Find out what you need to factor in to have enough funding
If, during the course of the year, you discover some HR expenses were underestimated or omitted from the budget, the department may be able to trim or delay costs in other areas to make up for the difference.
Technology upgrades, for instance, that aren’t immediately necessary to continue operations — such as migrating an HR system to the cloud, which more than 75 percent of organizations plan to do in the next two years, according to an ISG report — can often be moved to a less aggressive schedule.
However, finding a financial shortage in areas human resource teams are expected to deliver noticeable, somewhat immediate results — such as retaining top talent, which Xerox HR Services found was employers’ No. 1 compensation-related priority last year — can pose more of a problem.
The key to creating an effective budget involves accurately estimating what various processes will cost; which isn’t always as simple as it sounds.
Before you send your next HR budget for approval, make sure you’ve included enough funds to cover these frequently unanticipated expenses:
Training is clearly a priority — or should be one — at a number of companies; developing the next generation of leaders within the organization was the top human capital challenge HR professionals said in a Society for Human Resource Management survey that they anticipate facing in the next decade.
Eighty-three percent of business and HR leaders in 140 countries ranked careers and learning as an important or very important human capital trend in a 2017 Deloitte survey. Yet a number of organizations seem to lack adequate funding for employee training and development programs. Nearly a third of the HR professionals who participated in the most recent SHRM recruiting and skills shortage survey said their company had no training budget. An additional 11 percent said their training budget had decreased in the past year.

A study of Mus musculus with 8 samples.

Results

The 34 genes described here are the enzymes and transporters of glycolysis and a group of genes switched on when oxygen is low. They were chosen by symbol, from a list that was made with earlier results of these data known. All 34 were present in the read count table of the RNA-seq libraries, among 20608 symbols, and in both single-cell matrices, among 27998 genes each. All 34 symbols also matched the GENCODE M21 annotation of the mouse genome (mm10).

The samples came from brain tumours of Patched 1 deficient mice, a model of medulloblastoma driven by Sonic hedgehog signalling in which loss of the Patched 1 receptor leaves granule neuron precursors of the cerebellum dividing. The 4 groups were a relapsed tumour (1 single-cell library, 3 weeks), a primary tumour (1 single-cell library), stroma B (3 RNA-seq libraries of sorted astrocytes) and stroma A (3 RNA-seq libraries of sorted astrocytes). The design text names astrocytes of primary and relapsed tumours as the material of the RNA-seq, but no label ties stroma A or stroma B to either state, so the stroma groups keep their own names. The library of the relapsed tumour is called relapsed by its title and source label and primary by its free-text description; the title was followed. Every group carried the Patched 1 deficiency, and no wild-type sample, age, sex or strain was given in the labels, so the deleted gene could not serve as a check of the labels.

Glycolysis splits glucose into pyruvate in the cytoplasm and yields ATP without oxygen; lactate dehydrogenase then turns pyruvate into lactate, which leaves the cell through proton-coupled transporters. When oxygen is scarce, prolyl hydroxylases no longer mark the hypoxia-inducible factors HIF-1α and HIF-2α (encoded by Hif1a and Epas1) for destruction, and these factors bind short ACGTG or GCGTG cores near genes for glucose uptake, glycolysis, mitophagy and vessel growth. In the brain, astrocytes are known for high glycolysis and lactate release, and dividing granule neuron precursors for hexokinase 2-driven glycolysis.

2. External assignments
Sixty-nine percent of companies report they’re under pressure to reduce mobility program costs — yet only 51 percent track international assignments’ total expense, according to a report from Brookfield Global Relocation Services.
Knowing what international assignments actually cost is a crucial part of keeping a budget in check; HR departments that manage mobility programs need to come up with accurate estimates. Comparing the total expense to the previously estimated cost when assignments are over can help organizations gauge mobility-related expenses more precisely; however, a survey from mobility solutions provider BGRS found more than 75 percent of companies don’t. Ninety-four percent don’t measure their program’s return on investment, which could help HR professionals justify the budget allocation for international assignments, if leadership ever questions the amount.
3. Lesser-known recruiting responsibilities
Some of your organization’s HR budget has likely been earmarked for finding and communicating with candidates; however, it’s easy to inadvertently neglect to include some parts of the recruiting process in your specific spending plan.
Employer branding, for example, can be widely interpreted term. Because social media posts don’t involve a direct cost, such as an advertising fee, leadership may perceive sharing information about the company on sites like Facebook and Twitter will be a free outreach effort. However, there is a cost involved in the time it will take staff members to internally oversee the initiative. More than half (63 percent) of companies spend six hours or more a week on social media updates, according to Social Media Examiner research; 19 percent spend more than 20 hours a week.
Twenty-eight percent of HR professionals at mid-sized companies named not having a compensation negotiation budget as one of the biggest marketing challenges involved in the recruiting process in a survey on the topic. Has your department incorporated the internal resources you’ll need to research salary ranges for positions in different regions to ensure you’re making a competitive offer? If your current HR staff can’t accommodate that type of time-intensive work, have you allotted funds to hire external help?
If you find you haven’t accurately projected all of the HR costs involved in the recruiting process for the year, you may be able to reduce the overall amount you need to spend by using a nontraditional recruiting campaign to attract candidates, or strengthening the way you use technology in recruitment and selection.
To cut HR costs in the future, implementing passive recruiting techniques — including promoting your employer brand through unconventional social media outlets — and instituting programs to encourage employee referrals may help you shrink the amount you need to spend on recruiting. That approach may also help you see enhanced results: More than three-fourths of recruiters, according to Jobvite research, say referrals provide the best quality candidates.